What Is the Market Telling Us?
What Is the Market Telling Us? by Charles Hugh Smith – Of Two Minds
The entire global economy now depends on this stripped-of-information “market” for its stability.
Ho-hum, another day, another record high in the S&P 500 (SPX). What is this market telling us? If you’re long, the market is screaming “you’re a genius!”:
But other than that, what else is the market telling us? Is it telling us anything about the real-world economy and the open market for equities based in that real-world economy?
Before we can answer “what is the market telling us?” we must first ask, “what can the market tell us?” That is, what is the current market capable of communicating?
This is the key question, for as we all know central banks have intervened in the market in an unprecedented fashion for over eight years. Central banks have transformed stock markets into signaling devices that are intended to boost the perception of increasing wealth, whether earnings and productivity are actually increasing or not.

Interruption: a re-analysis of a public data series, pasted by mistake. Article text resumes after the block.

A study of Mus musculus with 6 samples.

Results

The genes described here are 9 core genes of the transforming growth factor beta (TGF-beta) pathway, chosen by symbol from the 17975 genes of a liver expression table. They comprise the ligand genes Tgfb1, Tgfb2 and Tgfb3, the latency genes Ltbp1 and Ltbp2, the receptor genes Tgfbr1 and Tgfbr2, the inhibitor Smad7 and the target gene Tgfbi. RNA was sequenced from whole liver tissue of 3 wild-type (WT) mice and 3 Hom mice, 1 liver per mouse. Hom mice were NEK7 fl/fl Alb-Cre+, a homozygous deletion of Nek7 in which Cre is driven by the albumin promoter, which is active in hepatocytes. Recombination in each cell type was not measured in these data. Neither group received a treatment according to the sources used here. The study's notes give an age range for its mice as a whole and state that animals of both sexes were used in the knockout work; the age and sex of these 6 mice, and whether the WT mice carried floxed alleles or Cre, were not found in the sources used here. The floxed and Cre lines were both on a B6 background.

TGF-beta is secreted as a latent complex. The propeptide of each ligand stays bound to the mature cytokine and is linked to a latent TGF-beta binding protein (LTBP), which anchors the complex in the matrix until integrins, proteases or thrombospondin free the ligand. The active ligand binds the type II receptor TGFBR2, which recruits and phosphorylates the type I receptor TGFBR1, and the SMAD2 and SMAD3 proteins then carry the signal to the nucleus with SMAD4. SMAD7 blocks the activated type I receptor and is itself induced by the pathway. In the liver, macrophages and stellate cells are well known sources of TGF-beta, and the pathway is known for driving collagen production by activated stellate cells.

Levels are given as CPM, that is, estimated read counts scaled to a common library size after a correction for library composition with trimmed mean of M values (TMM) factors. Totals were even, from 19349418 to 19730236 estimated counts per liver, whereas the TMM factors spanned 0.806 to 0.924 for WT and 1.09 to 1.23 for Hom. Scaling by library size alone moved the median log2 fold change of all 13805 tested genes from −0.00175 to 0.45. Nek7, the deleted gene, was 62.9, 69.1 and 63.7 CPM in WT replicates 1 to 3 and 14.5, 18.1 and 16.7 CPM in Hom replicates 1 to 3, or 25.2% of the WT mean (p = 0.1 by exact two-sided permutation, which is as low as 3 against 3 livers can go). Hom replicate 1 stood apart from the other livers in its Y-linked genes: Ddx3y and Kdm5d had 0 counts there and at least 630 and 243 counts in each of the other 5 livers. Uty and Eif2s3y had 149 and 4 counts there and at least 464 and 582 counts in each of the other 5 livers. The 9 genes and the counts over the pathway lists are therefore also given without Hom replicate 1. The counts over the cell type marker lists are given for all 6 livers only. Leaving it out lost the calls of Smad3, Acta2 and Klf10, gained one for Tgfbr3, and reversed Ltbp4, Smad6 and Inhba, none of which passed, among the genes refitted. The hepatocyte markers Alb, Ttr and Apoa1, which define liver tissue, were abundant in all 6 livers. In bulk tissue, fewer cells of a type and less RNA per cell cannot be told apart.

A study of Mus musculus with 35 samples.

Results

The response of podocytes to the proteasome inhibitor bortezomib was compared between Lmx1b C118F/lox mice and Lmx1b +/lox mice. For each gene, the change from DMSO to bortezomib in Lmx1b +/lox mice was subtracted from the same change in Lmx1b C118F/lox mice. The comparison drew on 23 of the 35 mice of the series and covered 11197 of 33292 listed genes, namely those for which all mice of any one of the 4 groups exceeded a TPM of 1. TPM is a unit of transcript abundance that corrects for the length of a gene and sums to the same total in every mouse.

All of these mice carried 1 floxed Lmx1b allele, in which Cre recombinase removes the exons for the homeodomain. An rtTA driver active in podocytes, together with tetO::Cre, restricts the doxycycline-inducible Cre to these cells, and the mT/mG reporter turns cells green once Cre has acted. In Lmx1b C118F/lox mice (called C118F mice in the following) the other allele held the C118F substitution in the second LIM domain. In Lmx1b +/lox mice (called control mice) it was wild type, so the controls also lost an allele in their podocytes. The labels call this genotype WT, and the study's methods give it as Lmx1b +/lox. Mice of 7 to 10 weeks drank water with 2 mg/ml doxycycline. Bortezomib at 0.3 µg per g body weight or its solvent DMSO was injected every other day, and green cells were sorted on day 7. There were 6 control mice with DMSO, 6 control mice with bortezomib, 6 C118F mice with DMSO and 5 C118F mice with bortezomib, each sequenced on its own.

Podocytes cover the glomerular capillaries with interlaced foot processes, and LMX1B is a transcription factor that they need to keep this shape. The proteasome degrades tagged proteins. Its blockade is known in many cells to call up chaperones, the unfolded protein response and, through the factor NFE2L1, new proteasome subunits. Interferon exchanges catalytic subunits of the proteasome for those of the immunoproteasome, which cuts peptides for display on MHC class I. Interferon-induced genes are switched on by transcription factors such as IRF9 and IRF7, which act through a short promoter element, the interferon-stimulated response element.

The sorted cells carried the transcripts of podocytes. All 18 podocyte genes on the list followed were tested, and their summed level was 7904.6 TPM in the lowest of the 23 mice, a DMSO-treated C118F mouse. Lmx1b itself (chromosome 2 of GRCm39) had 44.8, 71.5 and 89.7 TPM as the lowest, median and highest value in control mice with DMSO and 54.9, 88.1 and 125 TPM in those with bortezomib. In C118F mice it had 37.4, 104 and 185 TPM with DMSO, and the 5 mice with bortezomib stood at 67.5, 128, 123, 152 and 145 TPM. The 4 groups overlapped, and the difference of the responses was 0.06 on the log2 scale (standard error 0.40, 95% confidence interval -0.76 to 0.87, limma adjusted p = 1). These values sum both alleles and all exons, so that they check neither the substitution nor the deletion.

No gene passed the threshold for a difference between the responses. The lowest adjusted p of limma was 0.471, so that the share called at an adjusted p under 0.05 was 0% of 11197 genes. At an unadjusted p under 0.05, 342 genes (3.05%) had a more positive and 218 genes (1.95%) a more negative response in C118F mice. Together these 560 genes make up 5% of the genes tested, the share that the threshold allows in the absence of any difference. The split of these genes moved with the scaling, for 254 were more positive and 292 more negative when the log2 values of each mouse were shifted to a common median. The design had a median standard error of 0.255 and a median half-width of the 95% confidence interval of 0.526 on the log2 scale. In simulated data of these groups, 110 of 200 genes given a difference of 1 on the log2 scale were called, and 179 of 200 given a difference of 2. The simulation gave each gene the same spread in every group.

The idea is to generate a “wealth effect” that encourages people to borrow and spend more as they feel their wealth is increasing. This “wealth effect” borrowing and spending will (so goes the assumption) overcome the stagnation of wages and spending, and spark a gloriously self-reinforcing consumer credit-spending binge.
This is considerably different from an open market of decentralized buyers and sellers, which reflects statistical data and sentiment regarding the real-world economy of sales, profits and productivity.
Traditionally speaking, the stock market is a discounting mechanism, that is, the market absorbs data about the present and projects that into the future. If growth appears to be slowing, the market discounts future earnings and stock valuations decline accordingly.
If growth appears to be picking up, the market increases its expectations of earnings and valuations expand accordingly.